Last week, social networking giant Facebook announced that it plans to create what it calls an "alternative financial system" based on a cryptocurrency called the Libra. The crypto will be backed by a basket of currencies to keep its value stable.
Pundits immediately pronounced that the Libra could represent the beginning of the end for traditional banking. But while Facebook's plunge into this space is the most ambitious effort by a Fortune 500 company to profit from the crypto market, the company hasn't exactly done a stellar job of protecting user data. That makes me skeptical of its ability to safeguard your money.
Last October, Facebook announced that hackers had compromised more than 30 million accounts by taking advantage of vulnerabilities that have now been patched. A month later, researchers uncovered a vulnerability in Facebook Messenger that hackers could use to reveal the identity of the people with whom you exchanged messages. And who can forget the seemingly innocent quizzes that were used to gain access to 50 million Facebook accounts in an effort to affect the outcome of the 2016 presidential election?
It's one thing to load photos of your cat doing stupid tricks onto your Facebook account. It's quite another to trust the company with your money. Although Facebook says that Libra's governance model will ensure "separation between social and financial data," I suspect Libra will appeal mainly to people who don't have bank accounts and have no practical way to open them. Facebook cited a figure of 1.7 billion adults in this category, with nearly half of them living in Bangladesh, China, India, Indonesia, Mexico, Nigeria, and Pakistan.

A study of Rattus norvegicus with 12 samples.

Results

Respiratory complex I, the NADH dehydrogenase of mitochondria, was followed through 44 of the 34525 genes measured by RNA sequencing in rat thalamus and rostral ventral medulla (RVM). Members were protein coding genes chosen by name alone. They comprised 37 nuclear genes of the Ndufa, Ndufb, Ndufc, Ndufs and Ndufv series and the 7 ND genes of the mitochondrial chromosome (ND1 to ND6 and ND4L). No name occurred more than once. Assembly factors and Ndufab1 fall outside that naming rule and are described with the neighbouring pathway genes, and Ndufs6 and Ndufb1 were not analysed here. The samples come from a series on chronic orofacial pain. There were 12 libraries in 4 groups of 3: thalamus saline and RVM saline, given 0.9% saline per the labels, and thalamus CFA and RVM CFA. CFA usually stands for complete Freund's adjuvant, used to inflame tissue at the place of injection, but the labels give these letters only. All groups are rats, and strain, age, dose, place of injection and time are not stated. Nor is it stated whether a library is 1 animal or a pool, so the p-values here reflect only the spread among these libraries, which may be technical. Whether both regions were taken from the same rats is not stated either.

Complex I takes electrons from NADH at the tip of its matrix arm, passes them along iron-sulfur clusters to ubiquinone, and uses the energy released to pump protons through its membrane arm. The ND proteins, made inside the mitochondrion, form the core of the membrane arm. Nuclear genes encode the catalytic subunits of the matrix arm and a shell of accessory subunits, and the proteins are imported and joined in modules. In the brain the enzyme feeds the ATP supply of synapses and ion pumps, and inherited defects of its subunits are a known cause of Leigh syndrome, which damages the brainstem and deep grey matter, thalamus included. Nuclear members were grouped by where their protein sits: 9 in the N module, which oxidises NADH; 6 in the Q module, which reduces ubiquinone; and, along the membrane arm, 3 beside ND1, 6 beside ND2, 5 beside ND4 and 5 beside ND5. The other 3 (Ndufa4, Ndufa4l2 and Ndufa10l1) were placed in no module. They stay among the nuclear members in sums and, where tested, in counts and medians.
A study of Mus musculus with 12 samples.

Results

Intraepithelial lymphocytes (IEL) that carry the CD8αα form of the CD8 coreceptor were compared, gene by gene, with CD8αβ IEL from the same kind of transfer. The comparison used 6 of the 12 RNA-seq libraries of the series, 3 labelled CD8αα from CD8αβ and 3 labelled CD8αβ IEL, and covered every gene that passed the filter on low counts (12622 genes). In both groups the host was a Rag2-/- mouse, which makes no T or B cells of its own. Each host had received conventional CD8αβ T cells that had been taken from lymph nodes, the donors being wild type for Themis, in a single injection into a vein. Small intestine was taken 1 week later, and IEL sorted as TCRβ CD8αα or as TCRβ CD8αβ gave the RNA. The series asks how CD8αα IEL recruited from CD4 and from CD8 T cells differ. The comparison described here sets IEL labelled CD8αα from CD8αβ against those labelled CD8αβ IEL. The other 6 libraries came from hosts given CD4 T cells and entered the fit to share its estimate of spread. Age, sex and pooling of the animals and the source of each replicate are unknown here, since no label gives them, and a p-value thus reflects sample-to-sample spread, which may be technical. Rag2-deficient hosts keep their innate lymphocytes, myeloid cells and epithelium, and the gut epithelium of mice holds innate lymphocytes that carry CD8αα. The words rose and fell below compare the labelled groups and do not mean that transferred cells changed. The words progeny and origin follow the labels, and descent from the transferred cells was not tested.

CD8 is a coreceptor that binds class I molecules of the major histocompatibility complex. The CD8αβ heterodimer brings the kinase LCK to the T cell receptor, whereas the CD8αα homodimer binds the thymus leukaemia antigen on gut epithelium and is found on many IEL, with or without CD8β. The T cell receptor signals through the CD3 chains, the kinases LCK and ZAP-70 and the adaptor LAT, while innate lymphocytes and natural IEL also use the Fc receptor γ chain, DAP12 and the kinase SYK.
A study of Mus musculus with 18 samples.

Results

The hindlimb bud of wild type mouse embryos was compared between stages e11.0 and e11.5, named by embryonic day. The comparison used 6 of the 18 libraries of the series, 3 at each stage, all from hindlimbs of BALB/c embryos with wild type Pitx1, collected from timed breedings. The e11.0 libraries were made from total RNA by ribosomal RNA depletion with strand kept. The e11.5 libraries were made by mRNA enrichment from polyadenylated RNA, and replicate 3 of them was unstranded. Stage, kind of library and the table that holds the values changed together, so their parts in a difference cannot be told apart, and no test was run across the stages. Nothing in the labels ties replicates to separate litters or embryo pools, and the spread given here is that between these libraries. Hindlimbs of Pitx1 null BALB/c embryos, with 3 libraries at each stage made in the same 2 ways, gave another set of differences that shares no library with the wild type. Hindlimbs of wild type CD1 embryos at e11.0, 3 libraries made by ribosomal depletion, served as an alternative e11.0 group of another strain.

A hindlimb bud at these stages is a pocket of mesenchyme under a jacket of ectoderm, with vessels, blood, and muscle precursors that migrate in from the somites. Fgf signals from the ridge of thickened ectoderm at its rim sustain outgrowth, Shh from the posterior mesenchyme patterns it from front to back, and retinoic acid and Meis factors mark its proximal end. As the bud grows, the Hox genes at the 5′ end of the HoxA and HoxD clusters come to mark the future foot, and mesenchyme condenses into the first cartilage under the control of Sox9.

Still, the launch of the Libra is a proverbial shot across the bow for the banking industry. And it couldn't come too soon.
Our global financial system is built on the flawed foundation of a poorly understood concept called fractional reserve banking.
Five hundred years ago, if you owned valuables you didn't want to store at home, you could keep them in a secure warehouse. You gave the warehouse-keeper a sealed bag and received a receipt for it. You paid the warehouse-keeper a fee for keeping the bag safe. So long as the warehouse-keeper didn't run off with your valuables or let someone else steal them, your wealth was secure.
Not all depositors, however, insisted on receiving the same bag of valuables back from the warehouse-keeper. They were satisfied to receive back equivalent value. Depositors could now use the receipts warehouse-keepers issued as a medium of exchange.
Warehouse-keepers soon realized that not every receipt would likely be redeemed simultaneously. So they began lending out a fractional reserve of the stored valuables in exchange for interest payments. In this manner, warehouse-keepers evolved into interest-charging fractional-reserve banks.